The Cyborg Roach

We hope its software is bug-free…

Dr Liang heads a research group at the Texas A&M University, the focus of which is, among other things, “the development of nano-manufacturing processes to fabricate nano-structures, nano-devices, and sensors”.

Rather than launch into a detailed explanation of what exactly these are and what their application is, we have conducted a brief interview with her on something that has taken her 10 years of research: the cyborg cockroach and the broad implications of creating cyborg organisms in the not too distant future.

The cyborg cockroach is, as the colloquial name suggests, a regular insect equipped with micro and nanosensors that allow its creators to monitor and control its movements and collect valuable information in the process.

Why choose an insect that inevitably invites reactions ranging from revulsion to horror, you might ask? The explanation is perfectly reasonable: the research team looked for an insect that was easy to get, is resilient and is associated with people (the cockroach is one of 2 species in existence that have survived millions of years).

Once the insects are thus enhanced, they are simply let lose in specific locations and deployed, soldierlike, to gather data that is not just valuable, but vital in certain circumstances.

They can find victims of natural disasters, detect toxic materials, even warn of an impending disaster, such as an earthquake or an outbreak of fatal disease. Like all insects, cockroaches are finely attuned to changes in the environment and can help us monitor it.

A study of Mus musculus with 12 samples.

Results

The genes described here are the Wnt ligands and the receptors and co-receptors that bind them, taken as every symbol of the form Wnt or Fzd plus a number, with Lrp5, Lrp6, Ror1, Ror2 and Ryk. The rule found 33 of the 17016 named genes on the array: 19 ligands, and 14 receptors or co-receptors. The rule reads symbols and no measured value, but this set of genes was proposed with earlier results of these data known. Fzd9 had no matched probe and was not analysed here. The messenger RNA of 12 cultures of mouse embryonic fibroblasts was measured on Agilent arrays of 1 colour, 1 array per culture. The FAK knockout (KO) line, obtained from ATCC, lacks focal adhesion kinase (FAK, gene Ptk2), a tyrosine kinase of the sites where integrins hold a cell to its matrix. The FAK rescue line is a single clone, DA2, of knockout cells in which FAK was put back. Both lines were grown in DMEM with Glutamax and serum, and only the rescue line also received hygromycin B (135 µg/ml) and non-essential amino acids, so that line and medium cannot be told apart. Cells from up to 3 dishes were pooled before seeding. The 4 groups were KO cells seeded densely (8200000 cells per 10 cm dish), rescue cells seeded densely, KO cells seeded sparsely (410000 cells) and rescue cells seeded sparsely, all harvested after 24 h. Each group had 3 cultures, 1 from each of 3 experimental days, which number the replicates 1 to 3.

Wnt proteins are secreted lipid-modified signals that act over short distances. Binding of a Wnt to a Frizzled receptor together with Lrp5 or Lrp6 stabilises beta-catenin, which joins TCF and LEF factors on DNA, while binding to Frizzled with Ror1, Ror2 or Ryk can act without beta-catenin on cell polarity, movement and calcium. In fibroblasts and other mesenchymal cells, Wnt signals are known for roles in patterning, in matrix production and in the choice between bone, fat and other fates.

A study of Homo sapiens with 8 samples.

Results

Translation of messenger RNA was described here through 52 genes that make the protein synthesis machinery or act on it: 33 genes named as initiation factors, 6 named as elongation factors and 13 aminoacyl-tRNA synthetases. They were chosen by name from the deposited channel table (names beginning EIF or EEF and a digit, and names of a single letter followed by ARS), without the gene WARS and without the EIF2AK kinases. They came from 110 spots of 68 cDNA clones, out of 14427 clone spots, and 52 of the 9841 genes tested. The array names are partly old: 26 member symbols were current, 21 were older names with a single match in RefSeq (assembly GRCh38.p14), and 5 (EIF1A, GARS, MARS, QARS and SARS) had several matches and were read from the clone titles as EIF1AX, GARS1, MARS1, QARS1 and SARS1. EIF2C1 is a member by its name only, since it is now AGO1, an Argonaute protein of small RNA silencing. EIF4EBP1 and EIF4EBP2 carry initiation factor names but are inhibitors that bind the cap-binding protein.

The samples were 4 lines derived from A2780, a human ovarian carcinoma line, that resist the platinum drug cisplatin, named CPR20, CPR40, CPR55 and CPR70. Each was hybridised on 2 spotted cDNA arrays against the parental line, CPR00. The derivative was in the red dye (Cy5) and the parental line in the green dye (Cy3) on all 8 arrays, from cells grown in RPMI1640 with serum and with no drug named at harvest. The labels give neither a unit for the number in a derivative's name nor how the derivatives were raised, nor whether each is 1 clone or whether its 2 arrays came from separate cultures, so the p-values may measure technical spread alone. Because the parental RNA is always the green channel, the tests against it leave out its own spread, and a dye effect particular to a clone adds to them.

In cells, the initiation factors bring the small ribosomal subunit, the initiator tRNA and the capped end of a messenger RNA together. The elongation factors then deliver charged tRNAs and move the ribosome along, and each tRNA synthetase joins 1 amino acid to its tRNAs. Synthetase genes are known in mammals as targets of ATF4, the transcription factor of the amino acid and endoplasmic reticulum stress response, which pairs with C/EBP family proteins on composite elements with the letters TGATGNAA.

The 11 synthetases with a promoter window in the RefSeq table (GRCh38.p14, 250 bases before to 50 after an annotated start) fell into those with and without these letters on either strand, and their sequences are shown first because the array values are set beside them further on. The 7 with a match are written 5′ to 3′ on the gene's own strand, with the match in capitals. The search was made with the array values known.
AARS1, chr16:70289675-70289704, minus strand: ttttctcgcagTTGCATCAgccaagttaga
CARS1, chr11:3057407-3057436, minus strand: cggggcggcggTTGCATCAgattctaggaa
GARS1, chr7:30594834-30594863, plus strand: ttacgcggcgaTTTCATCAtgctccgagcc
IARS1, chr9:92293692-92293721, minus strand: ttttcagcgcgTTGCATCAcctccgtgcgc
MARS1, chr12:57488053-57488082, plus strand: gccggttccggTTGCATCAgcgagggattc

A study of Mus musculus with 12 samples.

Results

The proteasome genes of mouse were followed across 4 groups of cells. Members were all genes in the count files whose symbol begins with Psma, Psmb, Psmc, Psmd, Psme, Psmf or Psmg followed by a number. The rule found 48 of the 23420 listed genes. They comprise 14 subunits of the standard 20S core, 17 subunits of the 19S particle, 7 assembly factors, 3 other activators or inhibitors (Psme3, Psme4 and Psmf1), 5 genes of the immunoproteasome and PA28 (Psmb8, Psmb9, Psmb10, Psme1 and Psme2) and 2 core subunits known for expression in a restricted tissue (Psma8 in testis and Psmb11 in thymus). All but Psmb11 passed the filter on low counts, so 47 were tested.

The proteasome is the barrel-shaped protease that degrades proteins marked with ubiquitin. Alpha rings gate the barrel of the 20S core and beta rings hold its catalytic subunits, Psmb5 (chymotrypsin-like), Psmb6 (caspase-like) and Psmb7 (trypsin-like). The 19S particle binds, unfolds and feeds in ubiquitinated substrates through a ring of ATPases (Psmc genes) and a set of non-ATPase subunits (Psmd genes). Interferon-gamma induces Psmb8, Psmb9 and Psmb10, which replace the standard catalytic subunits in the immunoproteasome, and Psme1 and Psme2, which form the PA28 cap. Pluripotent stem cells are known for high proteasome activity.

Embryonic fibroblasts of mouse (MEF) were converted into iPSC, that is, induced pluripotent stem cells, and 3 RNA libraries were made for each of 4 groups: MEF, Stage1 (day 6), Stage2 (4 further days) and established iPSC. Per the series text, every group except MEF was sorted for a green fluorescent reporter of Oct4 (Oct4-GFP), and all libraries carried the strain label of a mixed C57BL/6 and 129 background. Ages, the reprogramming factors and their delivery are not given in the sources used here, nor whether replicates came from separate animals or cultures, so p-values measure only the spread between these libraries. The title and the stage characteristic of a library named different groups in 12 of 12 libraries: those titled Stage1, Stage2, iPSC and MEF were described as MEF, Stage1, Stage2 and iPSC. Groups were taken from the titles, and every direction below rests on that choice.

This approach is adaptable to other insects and the research project, given the proper funding, could explore a number of avenues.

What does the future hold for cyborg-type enhancements?

Functional implants, says Dr Liang, are already a reality and the neuron system technology will be flying high in the next decade or two. People who have suffered spinal cord damage or even brain damage will be able to walk again in our lifetime.

Will this extend longevity, the Holy Grail of humanity? This, it turns out, is not a question that has a simple answer. Science will better people´s lives and make old age more palatable in the sense that it would improve the quality of their existence.

We will be able to have implants that would enable us to communicate better or see better if a particular function is impaired. We might even be able to attach our brains to a machine (computers can already memorise vast amount of information).

Nothing, however, will replace our biological machine. Firstly, because living with an outside attachment must be incredibly uncomfortable. Secondly, and more importantly, because the immune system would attack any external mechanism – the lack of biocompatibility would mean that a partmachine human would suffer as its body would seek to reject such an attachment.

Will the world be further polarised by those who can afford to replace faulty “equipment” with an implant? Perhaps so, but not even the 1% would be able to buy immortality, it seems.

What we can look forward to is the simple and always reviled cockroach paving the way to setting up new colonies on different planets, by supplying us with the vital information needed to establish our species there, and even providing us with food by sacrificing themselves (insects are good source protein and other important nutrients), should we end up destroying ours.